Saturday, October 17, 2009

Health Benefits of Bitter Melon

I was surprised about the health benefits of eating this ugly and extremely bitter melon when I saw it on The Dr. Oz Show. I said, "Wait a minute, I have that in my garden!" There are many reasons now to have this plant in your garden - this fruit has tons of anti-oxidant. It can also lower your cholesterol, it has anti-cancer components, and is good for diabetis. Read the article about this amazing fruit by clicking here.

Saturday, October 10, 2009

How to Propagate Succulents

Here are some of succulents that need some pruning. I might as well just propagate them.
It's very easy to take stem cuttings from succulents with your garden pruner.
Stem cuttings have to be at least an inch to an inch and a half in length.
Make a hole to your planting medium and plant about a fourth of the stem cutting.
Place it in a bright but shady location for a few days until it roots. Succulents don't need a lot of water so water sparingly.

Sunday, October 04, 2009

How to Propagate Sago Palms from Seeds

Here is a sago palm seed. Only the female sago palms produce seeds.
Soak the seeds in water for several days. Then remove the fleshy orange shell covering the actual seed. Make sure you use gloves to avoid getting your fingers stained.
Here is the actual sago palm seed without the shell.
Plant the seed sideways. Water and watch it grow.

Saturday, October 03, 2009

How to Propagate String of Bananas

It is best to take stem cuttings with growing roots. You will see your string of bananas grow some roots even though they're not in the soil. These cuttings are about a foot long.
I suggest you use cactus mix to plant them in. I'm using regular potting soil for my string of bananas.
Stick them in the pot (hanging pots) about half an inch deep.
Water well and place in partial shade. In a few weeks it will start to root and show signs of new growth.

Sunday, September 27, 2009

Side Shoots on Papaya

Look at this single side shoot on the lower trunk of my papaya.
It even has bossoms.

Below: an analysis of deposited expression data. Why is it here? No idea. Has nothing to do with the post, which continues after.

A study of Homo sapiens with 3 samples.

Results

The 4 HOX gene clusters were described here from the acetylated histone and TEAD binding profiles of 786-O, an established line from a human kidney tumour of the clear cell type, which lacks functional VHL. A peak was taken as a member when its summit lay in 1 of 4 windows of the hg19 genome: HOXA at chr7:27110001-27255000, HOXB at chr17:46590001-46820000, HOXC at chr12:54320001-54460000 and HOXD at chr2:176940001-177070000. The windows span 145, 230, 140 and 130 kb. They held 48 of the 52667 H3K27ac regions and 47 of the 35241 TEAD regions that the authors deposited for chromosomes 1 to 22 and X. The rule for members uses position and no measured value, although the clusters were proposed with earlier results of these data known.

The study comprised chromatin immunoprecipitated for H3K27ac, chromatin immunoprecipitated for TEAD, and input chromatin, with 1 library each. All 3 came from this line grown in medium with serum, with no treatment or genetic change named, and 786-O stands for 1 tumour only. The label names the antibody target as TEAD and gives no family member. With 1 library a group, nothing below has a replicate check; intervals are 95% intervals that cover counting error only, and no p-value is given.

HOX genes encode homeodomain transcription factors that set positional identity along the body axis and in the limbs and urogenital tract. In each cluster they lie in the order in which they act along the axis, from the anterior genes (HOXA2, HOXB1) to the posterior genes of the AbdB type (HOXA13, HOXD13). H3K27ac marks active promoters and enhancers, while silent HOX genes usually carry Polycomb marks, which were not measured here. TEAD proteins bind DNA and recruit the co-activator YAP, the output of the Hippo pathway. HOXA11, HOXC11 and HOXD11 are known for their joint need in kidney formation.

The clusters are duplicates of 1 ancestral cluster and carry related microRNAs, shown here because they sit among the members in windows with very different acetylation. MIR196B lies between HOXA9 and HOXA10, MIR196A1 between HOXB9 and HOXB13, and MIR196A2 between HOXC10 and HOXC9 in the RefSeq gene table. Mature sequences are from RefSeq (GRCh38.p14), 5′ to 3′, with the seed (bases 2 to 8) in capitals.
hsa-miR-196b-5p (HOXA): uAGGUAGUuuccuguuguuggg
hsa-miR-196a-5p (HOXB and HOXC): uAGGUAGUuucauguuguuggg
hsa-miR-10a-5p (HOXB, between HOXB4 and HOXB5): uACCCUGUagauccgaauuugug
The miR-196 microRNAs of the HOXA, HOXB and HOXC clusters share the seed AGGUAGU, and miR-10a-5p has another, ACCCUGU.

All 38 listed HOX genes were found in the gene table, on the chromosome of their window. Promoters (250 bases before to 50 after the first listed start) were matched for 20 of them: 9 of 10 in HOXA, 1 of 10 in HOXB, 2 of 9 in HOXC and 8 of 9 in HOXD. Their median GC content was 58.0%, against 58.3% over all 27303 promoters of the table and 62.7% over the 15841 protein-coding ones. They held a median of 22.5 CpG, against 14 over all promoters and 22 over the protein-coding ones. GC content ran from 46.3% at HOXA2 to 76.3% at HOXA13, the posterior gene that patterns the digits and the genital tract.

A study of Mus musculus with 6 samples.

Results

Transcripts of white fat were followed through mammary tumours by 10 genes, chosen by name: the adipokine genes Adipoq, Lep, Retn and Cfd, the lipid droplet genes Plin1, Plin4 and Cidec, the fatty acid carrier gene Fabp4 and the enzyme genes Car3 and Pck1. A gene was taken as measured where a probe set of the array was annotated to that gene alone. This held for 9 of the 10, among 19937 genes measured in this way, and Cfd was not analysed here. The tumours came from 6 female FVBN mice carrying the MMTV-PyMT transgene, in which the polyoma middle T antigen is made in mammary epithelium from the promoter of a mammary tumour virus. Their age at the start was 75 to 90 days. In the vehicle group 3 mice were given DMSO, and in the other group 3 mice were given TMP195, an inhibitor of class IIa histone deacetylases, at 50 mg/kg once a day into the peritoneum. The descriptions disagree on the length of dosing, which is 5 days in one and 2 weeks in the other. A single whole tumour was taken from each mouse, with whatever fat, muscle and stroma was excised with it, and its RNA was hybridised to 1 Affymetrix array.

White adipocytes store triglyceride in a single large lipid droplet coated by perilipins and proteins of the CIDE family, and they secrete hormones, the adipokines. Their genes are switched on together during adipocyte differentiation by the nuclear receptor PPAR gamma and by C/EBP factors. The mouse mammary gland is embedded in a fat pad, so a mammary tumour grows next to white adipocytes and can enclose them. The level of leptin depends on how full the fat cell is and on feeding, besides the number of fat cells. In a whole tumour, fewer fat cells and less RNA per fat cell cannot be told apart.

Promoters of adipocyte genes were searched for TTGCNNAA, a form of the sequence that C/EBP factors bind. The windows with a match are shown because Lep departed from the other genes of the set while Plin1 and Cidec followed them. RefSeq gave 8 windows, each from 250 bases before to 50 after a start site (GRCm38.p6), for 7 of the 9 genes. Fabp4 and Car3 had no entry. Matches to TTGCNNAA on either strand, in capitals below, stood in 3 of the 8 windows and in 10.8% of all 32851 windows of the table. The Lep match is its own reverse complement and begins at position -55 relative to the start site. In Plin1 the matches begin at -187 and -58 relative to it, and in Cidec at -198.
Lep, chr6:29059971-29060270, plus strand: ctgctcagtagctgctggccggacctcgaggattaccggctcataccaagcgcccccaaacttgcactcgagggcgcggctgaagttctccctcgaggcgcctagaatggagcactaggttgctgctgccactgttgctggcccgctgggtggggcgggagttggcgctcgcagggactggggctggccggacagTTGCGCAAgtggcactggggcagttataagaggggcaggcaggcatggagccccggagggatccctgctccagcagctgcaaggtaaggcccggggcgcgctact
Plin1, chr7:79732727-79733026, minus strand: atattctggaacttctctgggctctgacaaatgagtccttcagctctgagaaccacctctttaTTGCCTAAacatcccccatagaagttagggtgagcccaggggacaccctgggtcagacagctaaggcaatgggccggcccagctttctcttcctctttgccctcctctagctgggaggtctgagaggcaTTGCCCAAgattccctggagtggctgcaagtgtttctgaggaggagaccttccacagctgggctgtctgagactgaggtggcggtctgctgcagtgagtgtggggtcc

The shoot is about a pencil thick.
A closer look at the side shoot.

Saturday, September 26, 2009

Free Seeds at City of Hope's Health Fair

The pink ribbon used to express support for women diagnosed with breast cancer.
Aside from free seeds, I took home a couple of pens, notepads, and pins.
There were therapy dogs too! I didn't see George though-
After the health fair, I stopped by the Japanese Garden to look at the plants and the koi pond - one of the themed gardens at City of Hope in Duarte, California.

Sunday, September 13, 2009

How to Propagate Bunny Ears Cactus

These are cuttings from my bunny ear cactus (also known as Polka Dot Cactus, Angel's Wings, Cegador). When you take cuttings, make sure you use gloves to avoid being pricked by it's spines. Let the "wounds" on the cuttings dry for days before planting them.

I push the cutting about 1/4th to a half deep in a cactus mix. Make sure your cutting is the right way up. Place in partial shade. Lightly water it.
In a few weeks it will root and show new growth.

Saturday, September 12, 2009

Flowering Mint Plant

So what does it mean when your mint plant starts to flower? Well, it's going to produce seeds! Then the seeds get thrown on the ground and you get more mint plants! It is wise to plant mints in containers or contain them by sinking barriers about a foot in the ground because they are quite invasive. The top picture is a mint plant that I purchased in the garden store and it's sending some runners which will grow into another plant. The bottom picture is a mint that I started from seeds and it's about a couple of month's old. I just transferred them in pots . I'm not sure what kind of mints these are as there are a lot of kind of mints.

Sunday, September 06, 2009

Ponytail Palm (Beaucarnea Recurvata)

Ponytail palm is not a palm at all - it is considered part of the lily family. It is called by other names like "elephant's foot" because of it's distinct bulbous base, some call it bottle palm because of it's thin trunk and bulbous base. The head of the ponytail palm has leaves that are grass-like - weeping, pendulous, and smooth-edged.

A sandy-mix soil generally minimize the probability of root rot, especially compared to the peaty mixes normally used in most tropicals. Specifically, allow the soil to dry well between waterings, and if you have any doubt on whether or not to water the plant, skip it until the next week.

Light requirements for ponytails are pretty easy to remember if you think of where it is native to - the Mexico deserts. Provide bright indirect light to full sun.

Saturday, September 05, 2009

Sunday, August 30, 2009

Old World Succulent Garden

Here are some of the succulents and cacti that you will see when you visit the "Old World Succulent Garden" in San Diego's Wild Animal Park. The setting was desert-like and it's summer so it was so hot going to the garden. Make sure you bring a water bottle, wear a hat, and don't forget to bring your camera. Some of the plants there I haven't seen yet and they look like they've been there for years as it is so big like this cactus at the very bottom.